Schwarzenegger urged to back gay marriage
Governor Arnold Schwarzenegger should ensure basic human rights to all Californians by signing The Religious Freedom and Civil Marriage Protection Act, granting full marriage equality
for same-sex couples, Human Rights Watch urged today in a letter to the former action hero.
Last Friday, by a vote of 22-15, the California State Senate approved AB 43, The Religious Freedom and Civil Marriage Protection Act, extending civil marriage to lesbian and gay couples.
The legislature’s lower house, the State Assembly, had passed the Act earlier this year by a vote of 42-34.
The governor has until October 14th to sign or veto the bill.
Governor Schwarzenegger had vetoed a similar bill when passed by California’s legislature in 2005.
“Arnold Schwarzenegger has been given one of the rarest things in life: a second chance to do the right thing,” said Boris Dittrich, advocacy director of the Lesbian, Gay, Bisexual and Transgender Rights Programme at Human Rights Watch.
“Twice, California legislators have supported the human rights of lesbian and gay couples, and now the governor should do
The California bill would define marriage in gender-neutral terms as a union between two people.
It would extend the same state protections of marriage to same-sex couples as to heterosexual ones.
Religious groups could continue to refuse to perform a marriage ceremony if their beliefs forbid it.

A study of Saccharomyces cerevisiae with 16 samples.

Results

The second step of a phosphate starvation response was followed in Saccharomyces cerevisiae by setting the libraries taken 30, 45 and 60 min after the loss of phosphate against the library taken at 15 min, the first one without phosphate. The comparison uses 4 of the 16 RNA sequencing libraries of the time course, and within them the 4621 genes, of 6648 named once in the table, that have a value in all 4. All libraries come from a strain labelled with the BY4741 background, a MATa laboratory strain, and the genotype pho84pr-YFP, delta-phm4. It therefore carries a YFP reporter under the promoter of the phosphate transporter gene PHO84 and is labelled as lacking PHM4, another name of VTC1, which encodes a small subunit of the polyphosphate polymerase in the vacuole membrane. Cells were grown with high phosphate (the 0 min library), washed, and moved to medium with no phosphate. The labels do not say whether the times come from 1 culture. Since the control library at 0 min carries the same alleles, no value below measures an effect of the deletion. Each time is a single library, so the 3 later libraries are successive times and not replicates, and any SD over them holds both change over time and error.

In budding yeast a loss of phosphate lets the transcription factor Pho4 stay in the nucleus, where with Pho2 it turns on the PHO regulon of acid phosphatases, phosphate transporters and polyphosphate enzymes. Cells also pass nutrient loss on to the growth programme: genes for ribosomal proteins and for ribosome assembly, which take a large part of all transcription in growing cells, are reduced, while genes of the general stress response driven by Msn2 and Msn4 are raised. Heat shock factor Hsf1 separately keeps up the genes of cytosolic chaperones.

“Countries from the Netherlands to South Africa have recognised that marriage should include, not exclude,” said Dittrich, who as a member of the Dutch parliament sponsored the first successful legislation in the world extending marriage to same-sex couples.
“The US government should also see that the politics of prejudice destroys families.”
The National Gay and Lesbian Task Force, based in Washington, D.C. also called on Schwarzenegger to sign the marriage equality bill.
“The California Constitution is clear: everyone is equal under the law, and that’s just what this bill does – grants equality to all couples,” Matt Foreman, executive director of the National Gay and Lesbian Task Force, said.
“For far too long, too many California families have been placed in harm’s way because they lack the full, fundamental protections they deserve. Governor Schwarzenegger can rectify this inequality by stepping up and signing this bill the moment it lands on his desk.”
At the national level, Belgium, Canada, South Africa and Spain have also passed laws opening marriage rights to lesbian and gay couples.
The California bill would be an important step toward ending the
discrimination and damaging burdens that the lack of access to marriage imposes on same-sex partners, Human Rights Watch said.
“Only federal action can fully end discrimination against lesbian and gay couples in the US,” said Dittrich.
“But states like California can send a message, and the governor should lend his voice.”